Firewall + Firewall Policy = Improved Security
by Etienne Greeff - Professional Services Director, MIS Corporate Defence Solutions - Wednesday, 2 April 2003.
So far this year analysts, government bodies and even security companies have all stated that Internet security incidents are on the rise. Whether fact or fiction, the truth of the matter is that any company with a connection to the Internet increases the threat of theft, hacking, vandalism and data loss.

But most companies know this donít they? More than likely, yes. So they use a firewall to protect themselves donít they? Probably. Well theyíre safe then, and can sit back and put their feet up, canít they? No.

All organisations need to protect the valuable data and documents held on their network, and a firewall is the most efficient way to do this. Acting as guards, firewalls monitor and examine traffic between a network and the Internet. Any unauthorised or suspicious traffic is blocked. Firewalls can also be configured to secure one network from another. However, correct management is crucial. The firewall can become less than 30% effective within three months of installation if managed incorrectly.

A firewall is simply an enforcement device. It does not provide security in its own right. The actual firewall device provides approximately 20% of the security capability. It is the way the firewall is configured that provides the overall security effectiveness. Itís a bit like having locks on all the windows and doors in a house but then leaving the key in the door, or one of the windows open. The locks only work if time is taken to ensure that all windows and doors are closed and all the keys are removed.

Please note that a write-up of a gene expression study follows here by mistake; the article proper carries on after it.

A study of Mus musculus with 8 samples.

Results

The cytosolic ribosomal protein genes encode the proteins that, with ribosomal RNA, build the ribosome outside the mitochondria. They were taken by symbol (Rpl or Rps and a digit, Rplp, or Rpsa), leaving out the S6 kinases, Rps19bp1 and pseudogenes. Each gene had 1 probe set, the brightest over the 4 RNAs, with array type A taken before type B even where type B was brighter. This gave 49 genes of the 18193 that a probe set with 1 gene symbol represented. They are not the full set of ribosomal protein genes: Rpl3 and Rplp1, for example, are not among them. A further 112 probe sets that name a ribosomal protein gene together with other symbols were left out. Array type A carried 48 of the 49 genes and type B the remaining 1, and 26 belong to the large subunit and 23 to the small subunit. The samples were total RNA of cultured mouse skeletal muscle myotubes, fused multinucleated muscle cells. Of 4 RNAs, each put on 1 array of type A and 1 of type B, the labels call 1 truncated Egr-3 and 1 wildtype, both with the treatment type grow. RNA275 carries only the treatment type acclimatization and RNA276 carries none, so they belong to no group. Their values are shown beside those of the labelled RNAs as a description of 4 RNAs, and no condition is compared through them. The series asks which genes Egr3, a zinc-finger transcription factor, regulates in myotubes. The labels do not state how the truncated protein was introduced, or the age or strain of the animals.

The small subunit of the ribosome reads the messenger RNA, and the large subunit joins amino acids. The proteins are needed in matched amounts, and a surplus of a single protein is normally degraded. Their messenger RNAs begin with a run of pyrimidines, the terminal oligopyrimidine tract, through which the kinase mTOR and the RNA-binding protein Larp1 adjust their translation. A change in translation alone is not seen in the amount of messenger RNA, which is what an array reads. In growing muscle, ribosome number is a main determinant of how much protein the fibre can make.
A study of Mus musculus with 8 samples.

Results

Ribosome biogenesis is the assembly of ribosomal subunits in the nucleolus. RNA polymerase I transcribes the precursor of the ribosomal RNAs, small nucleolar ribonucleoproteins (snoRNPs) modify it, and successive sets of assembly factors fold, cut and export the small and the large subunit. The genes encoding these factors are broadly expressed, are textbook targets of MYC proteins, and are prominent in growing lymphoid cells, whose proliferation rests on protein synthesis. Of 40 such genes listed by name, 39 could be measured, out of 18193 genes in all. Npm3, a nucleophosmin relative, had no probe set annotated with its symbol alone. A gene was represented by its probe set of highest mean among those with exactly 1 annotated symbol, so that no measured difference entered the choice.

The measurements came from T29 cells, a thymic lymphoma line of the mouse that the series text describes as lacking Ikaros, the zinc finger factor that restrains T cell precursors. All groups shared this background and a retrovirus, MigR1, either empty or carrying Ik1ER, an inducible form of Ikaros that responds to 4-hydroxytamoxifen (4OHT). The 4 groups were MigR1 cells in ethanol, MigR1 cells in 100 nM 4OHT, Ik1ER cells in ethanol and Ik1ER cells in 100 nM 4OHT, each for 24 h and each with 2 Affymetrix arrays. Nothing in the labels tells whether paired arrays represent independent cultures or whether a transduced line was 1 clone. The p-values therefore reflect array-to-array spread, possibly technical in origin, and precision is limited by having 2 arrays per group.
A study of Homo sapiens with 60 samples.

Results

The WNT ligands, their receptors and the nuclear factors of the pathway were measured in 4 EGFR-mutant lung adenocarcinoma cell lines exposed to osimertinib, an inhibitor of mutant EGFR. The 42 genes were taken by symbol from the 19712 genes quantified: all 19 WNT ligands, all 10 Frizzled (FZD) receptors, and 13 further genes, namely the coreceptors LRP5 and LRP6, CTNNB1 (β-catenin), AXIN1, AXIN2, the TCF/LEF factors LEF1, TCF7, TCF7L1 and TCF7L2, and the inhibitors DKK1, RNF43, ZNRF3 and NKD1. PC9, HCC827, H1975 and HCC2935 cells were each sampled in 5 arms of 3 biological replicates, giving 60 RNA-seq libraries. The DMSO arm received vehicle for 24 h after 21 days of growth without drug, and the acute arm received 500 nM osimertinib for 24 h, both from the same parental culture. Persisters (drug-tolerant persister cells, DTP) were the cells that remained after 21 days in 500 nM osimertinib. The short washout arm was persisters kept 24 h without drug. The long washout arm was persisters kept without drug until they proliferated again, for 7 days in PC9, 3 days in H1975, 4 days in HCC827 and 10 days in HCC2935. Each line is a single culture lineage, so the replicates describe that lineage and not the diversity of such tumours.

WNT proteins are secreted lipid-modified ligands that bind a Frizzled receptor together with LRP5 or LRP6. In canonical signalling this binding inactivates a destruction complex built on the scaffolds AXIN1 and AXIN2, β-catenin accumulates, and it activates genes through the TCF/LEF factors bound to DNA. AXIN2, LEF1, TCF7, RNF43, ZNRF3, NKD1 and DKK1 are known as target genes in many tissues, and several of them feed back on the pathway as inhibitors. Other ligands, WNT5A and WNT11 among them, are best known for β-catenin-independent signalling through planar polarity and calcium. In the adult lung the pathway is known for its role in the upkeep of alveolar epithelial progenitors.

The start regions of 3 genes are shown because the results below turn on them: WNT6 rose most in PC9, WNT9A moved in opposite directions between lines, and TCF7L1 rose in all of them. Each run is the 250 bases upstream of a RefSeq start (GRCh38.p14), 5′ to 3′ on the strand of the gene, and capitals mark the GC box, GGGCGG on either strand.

The best way to achieve security effectiveness is to design a security policy. This will ensure the integrity of any mission critical device - especially firewalls. Below is a guide on how to create a firewall policy.

5 Tips to generating a firewall policy

1. Identify trust zones

The very first step in securing a network is to decide on the different zones of trust present. In its most basic form, network security is about zones of trust. A simple example would be the Internet (a Ďno trustí zone) and an internal network (a Ďhigh trustí zone); a firewall controls traffic between these different zones of trust. Of course, in the real world there are more than two zones. Typically these include Internet, web servers, external connection zone, internal network, and remote access zone. Once the zones are identified the different traffic flowing between the zones can be defined and the firewall policy can be configured accordingly.

2. Change Control

With any firewall it is very important to have change control. Far too often firewalls are found with rules that nobody remembers adding. What normally happens is that these rules remain because firewall administrators fear they might break something if they are removed. When rules are introduced there should be a well-defined method for documenting these and, in the case of temporary rules, the removal date for the rule should be added in a comment field. The only way of checking if the firewall is actually enforcing the agreed policy is to either verify it with an Intrusion Detection System, or to do a manual verification using a penetration test or a firewall review by a third party.

3. Log and review traffic

When deciding on a firewall policy, do not forget the importance of logging. One of the primary purposes of a firewall is to log traffic going through the firewall. Logging is no good unless these logs are reviewed on a regular basis; this should be included in the policy.

4. Monitor stability

A firewall is like any other infrastructure component and should be managed as such. In other words it should be monitored for availability to ensure maximum uptime. If a firewall isnít stable people will find ways of avoiding the firewall that leads to a low level of security. This should also be reflected in the policy.